It only takes a few sub-MoA 3-shot groups like this from a .338 Win. Mag. to give a valid indication of the rifle's accuracy potential.

It only takes a few sub-MoA 3-shot groups like this from a .338 Win. Mag. to give a valid indication of the rifle’s accuracy potential.

Q: I notice that most hunters shoot 3-shot groups because they are convinced that more shots heat up the barrel too much resulting in fliers. However, I have noticed that sometimes when you test a rifle you use 3-shot groups, but another time you’ll use 5-shot groups. Why the difference?

Andrew Hardy

A: If the test rifle has a thin, whippy barrel most often I’ll settle for 3-shot groups, but if the barrel is medium weight or heavy-barreled, I’ll use 5-shot groups. This is because a light barrel heats up more quickly and often the next two shots will be fliers. I’ve found 5-shot groups tend to be about 35-50 percent larger than 3-shot groups and 10-shot groups tend to be larger than 5-shot groups for the very same reason. This isn’t carved in stone, since some light barrels will shoot uniformly tight 5-shot groups even when hot. I suppose it’s largely a matter of the quality of the steel in a barrel and how it is treated and rifled. These days factory barrels, even the ones in economy class rifles shoot extremely well.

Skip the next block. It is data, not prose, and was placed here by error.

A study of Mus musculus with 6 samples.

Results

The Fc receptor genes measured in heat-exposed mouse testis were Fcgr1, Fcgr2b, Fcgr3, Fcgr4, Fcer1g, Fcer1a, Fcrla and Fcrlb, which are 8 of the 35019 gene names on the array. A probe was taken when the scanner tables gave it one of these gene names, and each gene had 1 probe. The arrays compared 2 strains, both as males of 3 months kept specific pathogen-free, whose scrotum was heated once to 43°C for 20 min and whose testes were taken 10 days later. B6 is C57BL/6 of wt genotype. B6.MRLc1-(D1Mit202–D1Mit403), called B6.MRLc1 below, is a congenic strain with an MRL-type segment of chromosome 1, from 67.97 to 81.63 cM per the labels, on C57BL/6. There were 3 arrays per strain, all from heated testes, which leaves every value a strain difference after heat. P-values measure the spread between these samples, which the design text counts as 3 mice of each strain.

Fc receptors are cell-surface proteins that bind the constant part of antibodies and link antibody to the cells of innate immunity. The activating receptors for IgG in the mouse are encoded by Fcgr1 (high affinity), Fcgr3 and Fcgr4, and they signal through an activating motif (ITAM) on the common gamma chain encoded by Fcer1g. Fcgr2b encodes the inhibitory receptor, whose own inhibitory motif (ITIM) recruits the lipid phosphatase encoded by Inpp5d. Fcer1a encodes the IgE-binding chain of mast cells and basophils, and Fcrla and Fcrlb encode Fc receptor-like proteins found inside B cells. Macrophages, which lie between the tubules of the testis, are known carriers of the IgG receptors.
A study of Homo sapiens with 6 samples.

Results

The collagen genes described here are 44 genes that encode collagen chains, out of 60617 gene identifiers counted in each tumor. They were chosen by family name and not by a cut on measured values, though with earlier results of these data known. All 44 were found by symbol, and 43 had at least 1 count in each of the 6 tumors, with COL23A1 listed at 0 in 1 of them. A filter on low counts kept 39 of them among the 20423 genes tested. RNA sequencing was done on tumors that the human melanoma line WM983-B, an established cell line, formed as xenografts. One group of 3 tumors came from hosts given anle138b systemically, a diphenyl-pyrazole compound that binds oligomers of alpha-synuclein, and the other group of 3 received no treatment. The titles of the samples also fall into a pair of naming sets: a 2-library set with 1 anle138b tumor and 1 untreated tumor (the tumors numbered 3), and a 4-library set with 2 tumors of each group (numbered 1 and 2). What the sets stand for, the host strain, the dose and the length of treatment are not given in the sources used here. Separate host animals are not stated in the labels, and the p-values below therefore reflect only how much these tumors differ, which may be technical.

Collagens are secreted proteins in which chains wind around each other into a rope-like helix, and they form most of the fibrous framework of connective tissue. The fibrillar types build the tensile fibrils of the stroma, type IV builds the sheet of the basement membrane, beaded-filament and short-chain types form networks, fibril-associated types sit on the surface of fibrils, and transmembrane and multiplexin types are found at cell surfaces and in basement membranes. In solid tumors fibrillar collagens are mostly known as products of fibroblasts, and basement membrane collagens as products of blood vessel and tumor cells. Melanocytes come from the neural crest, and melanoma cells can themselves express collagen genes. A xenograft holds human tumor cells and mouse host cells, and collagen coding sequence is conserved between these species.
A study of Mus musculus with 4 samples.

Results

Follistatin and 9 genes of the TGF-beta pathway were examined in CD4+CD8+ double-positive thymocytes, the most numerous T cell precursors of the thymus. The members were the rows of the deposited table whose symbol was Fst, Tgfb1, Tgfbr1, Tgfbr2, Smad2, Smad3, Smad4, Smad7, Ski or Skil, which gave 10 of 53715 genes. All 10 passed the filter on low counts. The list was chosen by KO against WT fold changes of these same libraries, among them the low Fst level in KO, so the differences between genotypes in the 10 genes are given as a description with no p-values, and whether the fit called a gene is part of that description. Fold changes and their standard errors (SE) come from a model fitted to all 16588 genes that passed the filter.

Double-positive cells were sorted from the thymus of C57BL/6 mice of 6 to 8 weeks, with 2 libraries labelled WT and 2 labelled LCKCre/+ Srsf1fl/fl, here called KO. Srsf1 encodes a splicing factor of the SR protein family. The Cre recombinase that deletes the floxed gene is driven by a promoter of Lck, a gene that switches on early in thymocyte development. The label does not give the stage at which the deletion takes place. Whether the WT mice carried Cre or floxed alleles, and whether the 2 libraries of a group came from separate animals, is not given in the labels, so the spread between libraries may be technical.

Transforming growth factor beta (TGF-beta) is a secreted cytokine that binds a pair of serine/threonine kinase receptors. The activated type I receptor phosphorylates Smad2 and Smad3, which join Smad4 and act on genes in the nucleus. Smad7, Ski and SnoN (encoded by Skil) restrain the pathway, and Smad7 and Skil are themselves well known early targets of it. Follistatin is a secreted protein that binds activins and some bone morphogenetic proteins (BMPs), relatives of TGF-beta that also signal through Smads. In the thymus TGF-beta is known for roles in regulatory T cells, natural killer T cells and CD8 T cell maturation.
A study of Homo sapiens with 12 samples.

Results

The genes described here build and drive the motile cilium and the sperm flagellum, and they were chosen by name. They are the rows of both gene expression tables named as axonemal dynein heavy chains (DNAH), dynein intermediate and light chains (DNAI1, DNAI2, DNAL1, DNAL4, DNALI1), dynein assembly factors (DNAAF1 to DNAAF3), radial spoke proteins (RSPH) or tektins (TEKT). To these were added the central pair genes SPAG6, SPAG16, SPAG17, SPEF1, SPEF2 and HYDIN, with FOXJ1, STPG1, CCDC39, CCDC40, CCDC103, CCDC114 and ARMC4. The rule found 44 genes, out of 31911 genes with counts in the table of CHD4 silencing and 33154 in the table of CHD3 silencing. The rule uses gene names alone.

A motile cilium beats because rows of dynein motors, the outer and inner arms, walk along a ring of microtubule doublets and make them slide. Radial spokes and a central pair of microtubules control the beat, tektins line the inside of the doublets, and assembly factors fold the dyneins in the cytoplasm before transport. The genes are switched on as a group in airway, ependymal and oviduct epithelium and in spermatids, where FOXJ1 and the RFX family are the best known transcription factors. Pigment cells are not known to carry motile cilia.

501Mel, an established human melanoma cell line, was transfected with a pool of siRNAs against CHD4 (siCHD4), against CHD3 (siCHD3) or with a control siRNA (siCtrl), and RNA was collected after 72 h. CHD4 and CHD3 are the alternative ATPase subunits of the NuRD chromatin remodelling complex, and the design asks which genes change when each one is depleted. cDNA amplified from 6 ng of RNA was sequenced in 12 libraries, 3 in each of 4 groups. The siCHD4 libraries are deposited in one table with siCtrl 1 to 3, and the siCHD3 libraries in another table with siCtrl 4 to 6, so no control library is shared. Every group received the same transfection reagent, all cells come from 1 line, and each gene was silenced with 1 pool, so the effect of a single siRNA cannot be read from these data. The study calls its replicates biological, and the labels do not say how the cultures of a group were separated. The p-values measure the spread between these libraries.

This 5-shot group is a story on its own. This was achieved with a .22 LR in sanctioned Fly competition in Canberra in early 2018 by John Lavaring. Wow!
This 5-shot group is a story on its own. This was achieved with a .22 LR in sanctioned Fly competition in Canberra in early 2018 by John Lavaring. Wow!



Nick Harvey is one of the world's most experienced and knowledgeable gun writers, a true legend of the business. He has been writing about firearms and hunting for more than 65 years, has published many books and uncounted articles, and has travelled the world to hunt and shoot. His reloading manuals are highly sought after, and his knowledge of the subject is unmatched. He has been Sporting Shooter's Gun Editor for longer than anyone can remember. Nick lives in rural NSW, Australia.